The Great Moon Hoax

Updated: 5 days ago

The Moon Hoax you've probably never heard of.


GREAT ASTRONOMICAL DISCOVERIES LATELY MADEBY SIR JOHN HERSCHEL, L.L.D. F.R.S. &c.At the Cape of Good Hope


On the 25th August 1835, The Sun published the first of six articles announcing the discovery of life on the moon. Purportedly written by Dr. Andrew Grant about his friend Sir John Herschel's discoveries, they took the world by storm.

The first article goes into rigorous detail about Sir Herschel's telescope and it's abilities. It's... something of a dry read, despite Grant's obvious enthusiasm. From the second article, however, things start to get good. Through Sir Herschel's wonderous telescope, they discover deep blue ocean lush and verdant forests across the moon. They also discover the local wildlife; bos grunniens (yaks), goats, tail-less beavers, unicorns and grey pelicans.


But that's not all.


Dr. Andrew Grant's articles go on to describe the discovery of the Vespertilio-homo. The residents of the moon. These are a bat-like winged humanoid who'd not only built temples but also had a defined civilisation.


They averaged four feet in height, were covered, except on the face, with short and glossy copper-colored hair, and had wings composed of a thin membrane, without hair, lying snugly upon their backs, from the top of their shoulders to the calves of their legs. The face, which was of a yellowish flesh color, was a slight improvement upon that of the large orang outang, being more open and intelligent in its expression, and having a much greater expansion of forehead.

Truly, the discovery of a generation.


Hoax


I don't really need to say this was a complete hoax, but clearly, readers at the time needed to be told. It took several weeks before the hoax was officially 'outed'. Even then, The Sun never issued a retraction, leaving the myth to circulate.



Perhaps the unfortunate part is that Sir John Herschel was, in fact, a real scientist. He was initially amused by the articles, saying his own observation would never be so exciting. However, he later became frustrated by the continued questions from people believing it to be true.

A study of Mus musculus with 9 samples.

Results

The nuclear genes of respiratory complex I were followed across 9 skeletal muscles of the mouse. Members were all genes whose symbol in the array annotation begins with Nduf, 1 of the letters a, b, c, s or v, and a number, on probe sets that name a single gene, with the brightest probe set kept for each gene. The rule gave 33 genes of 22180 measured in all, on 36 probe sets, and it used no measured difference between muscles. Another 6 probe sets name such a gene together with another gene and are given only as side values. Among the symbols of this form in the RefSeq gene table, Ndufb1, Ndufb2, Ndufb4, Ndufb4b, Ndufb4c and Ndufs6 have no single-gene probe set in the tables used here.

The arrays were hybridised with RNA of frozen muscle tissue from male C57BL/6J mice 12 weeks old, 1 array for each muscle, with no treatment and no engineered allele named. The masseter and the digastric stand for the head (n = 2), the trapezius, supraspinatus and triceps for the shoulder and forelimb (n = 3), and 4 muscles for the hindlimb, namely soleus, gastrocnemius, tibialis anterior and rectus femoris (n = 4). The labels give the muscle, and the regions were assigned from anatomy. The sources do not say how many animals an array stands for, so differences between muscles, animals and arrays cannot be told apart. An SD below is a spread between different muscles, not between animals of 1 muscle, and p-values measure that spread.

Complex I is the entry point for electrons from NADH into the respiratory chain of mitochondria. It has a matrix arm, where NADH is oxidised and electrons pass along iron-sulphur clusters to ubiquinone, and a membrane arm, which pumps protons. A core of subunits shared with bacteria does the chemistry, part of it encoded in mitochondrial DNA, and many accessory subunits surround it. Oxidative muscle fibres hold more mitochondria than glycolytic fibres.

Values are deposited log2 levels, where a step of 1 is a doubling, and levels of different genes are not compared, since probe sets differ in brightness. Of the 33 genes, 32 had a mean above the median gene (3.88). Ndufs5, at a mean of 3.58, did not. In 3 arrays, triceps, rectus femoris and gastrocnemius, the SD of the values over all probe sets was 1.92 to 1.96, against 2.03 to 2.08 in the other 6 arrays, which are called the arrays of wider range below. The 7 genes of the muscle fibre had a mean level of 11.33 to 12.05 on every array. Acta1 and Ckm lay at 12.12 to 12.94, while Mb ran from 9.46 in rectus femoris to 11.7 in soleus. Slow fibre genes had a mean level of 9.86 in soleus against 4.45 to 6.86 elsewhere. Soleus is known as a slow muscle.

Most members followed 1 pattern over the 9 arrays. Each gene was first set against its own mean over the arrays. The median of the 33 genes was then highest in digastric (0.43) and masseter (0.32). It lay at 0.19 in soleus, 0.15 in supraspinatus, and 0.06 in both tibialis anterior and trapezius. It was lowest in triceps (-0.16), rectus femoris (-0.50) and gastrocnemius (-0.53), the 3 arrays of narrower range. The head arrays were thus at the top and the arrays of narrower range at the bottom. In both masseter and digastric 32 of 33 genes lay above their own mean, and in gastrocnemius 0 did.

It wasn't unusual in the 1800s to appropriate real people into your fiction. Sir Arthur Conon Doyle described Sherlock Holmes to be descendant from the painter Johannes Vermee. Vermee was a real painter, though he had no relation to the famous (and fictional) detective. Obviously.


Aftermath of the Moon Hoax

Richard Adams Locke

Eventually, in 1840, Richard Adams Locke, a reporter who was working for The Sun at the time, admitted to being the author. Locke's intentions were purely satirical. He was poking fun at contemporary astronomical theories. Specifically, Reverend Thomas Dick, who had declared the Solar System to contain 21.9 trillion inhabitants and the moon to contain 4,200,000,000 inhabitants.


And of course, Locke likely wrote them because it made The Sun a lot of money.


Unlike another sci-fi hoax, I will be writing about in October, there was no real fallout from this. Though most accepted it in the spirit it had been intended, I imagine there were more than a few shamed faces.


Edgar Allan Poe


The final weird twist to this story is that Edgar Allan Poe claimed that Locke had plagiarised this story from him.


In June 1835, Poe's story The Unparalleled Adventure of One Hans Pfaall and was published under the headline: Lunar Discoveries, Extraordinary Aerial Voyage by Baron Hans Pfaall. It describes how Hans Pfaall arrives on the surface of the moon in a hot air balloon in order to negotiate a pardon from Burgomaster for several murders he committed. Because of reasons.


Why was Edgar Allan Poe convinced that Locke had stolen a lot of his material in his own moon hoax article? His editor on the story The Unparalleled Adventure of One Hans Pfaall was Locke.


Whether this is a case of dodgy journalism, misunderstood satire or plagiarism, it's still a wonderful story. There's an innocence about it - people once took this at face value. There's also an irony. Normal, rational people once believed in a lunar civilisation, versus the alarming number of people today who still believe the Apollo 11 Moon landing was a hoax. Funny how the world works.


It seems as though the truth will always come second to a good story.